Klopp factor gives Liverpool Real reason to believe
It is not too bold to make two predictions ahead of this month's Champions League final.
First, it will not be a 0-0 draw. Those who see trophy-winning football as the art of defensive endurance ought to take the night off on May 26. Liverpool versus Real Madrid will be an attacking fiesta.
Second, regardless of who extend their extensive list of European Cup wins, Real Madrid will meet a Liverpool team worthy of their name, unlike when they last met.
While memories have been stirred of the 1981 European Cup final in Paris, Alan Kennedy's winning goal and a period when the balance of power in the continent rested on Merseyside, you find the most perceptible sign of modern progress by considering how far Liverpool have come in four years.
Over the course of 13 days in 2014, Liverpool were given a severe reminder of their diminished European status when Real won 3-0 at Anfield and 1-0 in the Bernabeu.
They were demeaning experiences for the players and manager Brendan Rodgers.
Most criticism was reserved for him following the away tie, when he felt his strongest team incapable of landing a punch so rested his best players for a forthcoming Premier League game.
Rodgers never recovered trust, such was the disgust of veterans of Liverpool's proud European campaigns.
In fact, the one-sided home fixture prompting this decision was more shameful.
For the first time in its decorated history, Anfield hosted a game amid an air of deference.
There was no crimson inferno awaiting the Spanish conquistadors. Instead, the red carpet was rolled out as the visitors outclassed the hosts, who were duly afforded reverential applause.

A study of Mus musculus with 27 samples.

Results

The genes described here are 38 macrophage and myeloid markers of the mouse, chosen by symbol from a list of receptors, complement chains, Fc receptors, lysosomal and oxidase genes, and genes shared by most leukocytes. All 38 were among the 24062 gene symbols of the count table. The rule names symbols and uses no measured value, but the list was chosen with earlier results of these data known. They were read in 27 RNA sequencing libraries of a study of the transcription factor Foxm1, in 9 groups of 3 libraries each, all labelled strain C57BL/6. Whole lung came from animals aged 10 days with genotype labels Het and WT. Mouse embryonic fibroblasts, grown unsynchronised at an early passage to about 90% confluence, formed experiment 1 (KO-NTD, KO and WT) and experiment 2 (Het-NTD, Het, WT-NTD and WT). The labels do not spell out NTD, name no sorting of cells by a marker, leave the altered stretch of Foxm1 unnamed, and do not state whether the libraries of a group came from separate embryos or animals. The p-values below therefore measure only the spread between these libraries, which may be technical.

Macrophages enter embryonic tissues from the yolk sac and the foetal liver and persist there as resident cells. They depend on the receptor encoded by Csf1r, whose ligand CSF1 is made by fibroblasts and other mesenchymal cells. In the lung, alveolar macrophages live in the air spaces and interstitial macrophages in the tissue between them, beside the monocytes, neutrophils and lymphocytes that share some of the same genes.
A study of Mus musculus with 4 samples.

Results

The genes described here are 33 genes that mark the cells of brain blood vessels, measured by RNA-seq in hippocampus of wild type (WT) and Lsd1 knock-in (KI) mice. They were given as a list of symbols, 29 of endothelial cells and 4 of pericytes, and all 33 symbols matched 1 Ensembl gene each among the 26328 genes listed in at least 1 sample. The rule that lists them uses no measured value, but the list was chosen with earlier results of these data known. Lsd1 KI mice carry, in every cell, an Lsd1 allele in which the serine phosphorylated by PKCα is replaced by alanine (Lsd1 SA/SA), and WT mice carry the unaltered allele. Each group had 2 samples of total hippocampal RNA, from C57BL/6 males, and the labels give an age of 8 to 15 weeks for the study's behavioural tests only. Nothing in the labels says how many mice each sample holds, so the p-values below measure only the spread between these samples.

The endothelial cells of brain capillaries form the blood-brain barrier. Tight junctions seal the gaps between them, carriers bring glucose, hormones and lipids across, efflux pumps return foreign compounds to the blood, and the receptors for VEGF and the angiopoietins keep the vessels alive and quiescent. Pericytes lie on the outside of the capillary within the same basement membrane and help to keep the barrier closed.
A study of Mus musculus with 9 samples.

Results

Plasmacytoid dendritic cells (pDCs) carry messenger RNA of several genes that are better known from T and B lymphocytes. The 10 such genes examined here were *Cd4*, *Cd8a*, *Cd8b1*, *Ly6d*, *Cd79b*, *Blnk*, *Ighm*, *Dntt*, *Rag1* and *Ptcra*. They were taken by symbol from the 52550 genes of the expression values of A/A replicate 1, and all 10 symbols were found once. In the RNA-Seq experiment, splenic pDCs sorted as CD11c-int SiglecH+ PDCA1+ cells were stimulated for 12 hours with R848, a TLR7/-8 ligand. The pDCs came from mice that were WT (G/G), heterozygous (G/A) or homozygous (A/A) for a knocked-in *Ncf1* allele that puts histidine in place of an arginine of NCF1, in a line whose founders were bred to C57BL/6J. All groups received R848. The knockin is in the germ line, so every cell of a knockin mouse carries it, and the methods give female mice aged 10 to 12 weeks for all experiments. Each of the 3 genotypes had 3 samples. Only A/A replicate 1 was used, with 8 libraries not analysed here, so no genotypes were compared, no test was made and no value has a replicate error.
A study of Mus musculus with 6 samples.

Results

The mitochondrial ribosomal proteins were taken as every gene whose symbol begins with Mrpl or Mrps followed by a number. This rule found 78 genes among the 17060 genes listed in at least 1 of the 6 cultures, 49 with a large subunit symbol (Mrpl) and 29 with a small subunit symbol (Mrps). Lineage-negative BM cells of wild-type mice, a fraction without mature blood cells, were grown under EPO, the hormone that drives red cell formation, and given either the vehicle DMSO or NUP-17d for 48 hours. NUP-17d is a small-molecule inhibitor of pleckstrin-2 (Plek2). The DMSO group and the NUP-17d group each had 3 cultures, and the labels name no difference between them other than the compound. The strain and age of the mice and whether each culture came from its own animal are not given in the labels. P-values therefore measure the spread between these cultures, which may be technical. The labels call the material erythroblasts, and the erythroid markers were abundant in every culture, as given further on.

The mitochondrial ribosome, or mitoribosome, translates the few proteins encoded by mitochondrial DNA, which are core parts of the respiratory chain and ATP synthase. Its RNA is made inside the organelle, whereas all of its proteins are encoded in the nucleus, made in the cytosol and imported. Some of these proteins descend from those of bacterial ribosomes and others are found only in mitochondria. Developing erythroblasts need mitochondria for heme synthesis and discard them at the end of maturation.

For the only time in living memory, Liverpool took to the field seemingly honoured to be sharing it with eminent opposition.
Real Madrid may go on to win their 13th European Cup - and third in a row - at Liverpool's expense, but they already know a different beast awaits in Kiev.
Liverpool will never be deferential under Jurgen Klopp. There is respect for a formidable opponent, but no awe.
A theme in every one of his post-match interviews during the splendid European run has been to dismiss all anxiety, and to claim that it is defenders preparing to face the most productive attacking trio in Champions League history who ought to be concerned.
"We do have a lot of respect for Madrid, they are one of the best teams in the world, but we are Liverpool. We are strong, we can beat any team in the world," said Sadio Mane, whose strike in Rome gave Liverpool's front three their goal record.
"We believe we can go there and beat them. We are going to go there and fight - for the fans, for the clubs, - and fight without fear and win the final. We have the players. We can score goals. We have shown that. There is no reason to be afraid."
This soaring belief comes from Klopp (below) overseeing what his chairman Tom Werner described as "thrilling and deserved" progress to the final - a run which has already guaranteed £67.71m (€76.9m) in winnings, a figure which may yet rise to £71.71m (€81.4m).
"The manager has changed many things in the club, not just the players," said Dejan Lovren.
"He has changed the mentality. How we think. Everything is more positive now. Even when we don't play good, he always finds something good. There is no negativity.
"He deserves this. It is not an accident that he already reached the final of the Champions League in 2013 with Borussia Dortmund.
"He has given the club pride back. Everyone feels that. Everyone lives that. Everyone should be proud that we have a manager like him."
Real will see Liverpool not only as a threat to their title. Given that Cristiano Ronaldo's ego would put that of a Fifa or Uefa president to shame, he will embrace the chance to make a statement to the player jeopardising his position as world and European player of the year.
"It is not going to be a final between Mohamed Salah and Cristiano Ronaldo," said Liverpool's 43-goal forward.
Best of luck with that, Mohamed; the sub-plot is too delicious to ignore, the pretender gloriously assuming his place on the pedestal or being shot down by the established superstar.
Real Madrid's experience, nous and ability to take the game away with moments of individual brilliance should dismiss any suggestion they are not favourites.
Klopp and Liverpool will not care. It will be difficult for his players to replicate the scenes of Paris in 1981.
The confident expectation that they will not resemble those in Anfield and the Bernabeu in 2014 is proof enough of the Liverpool manager's transformative power.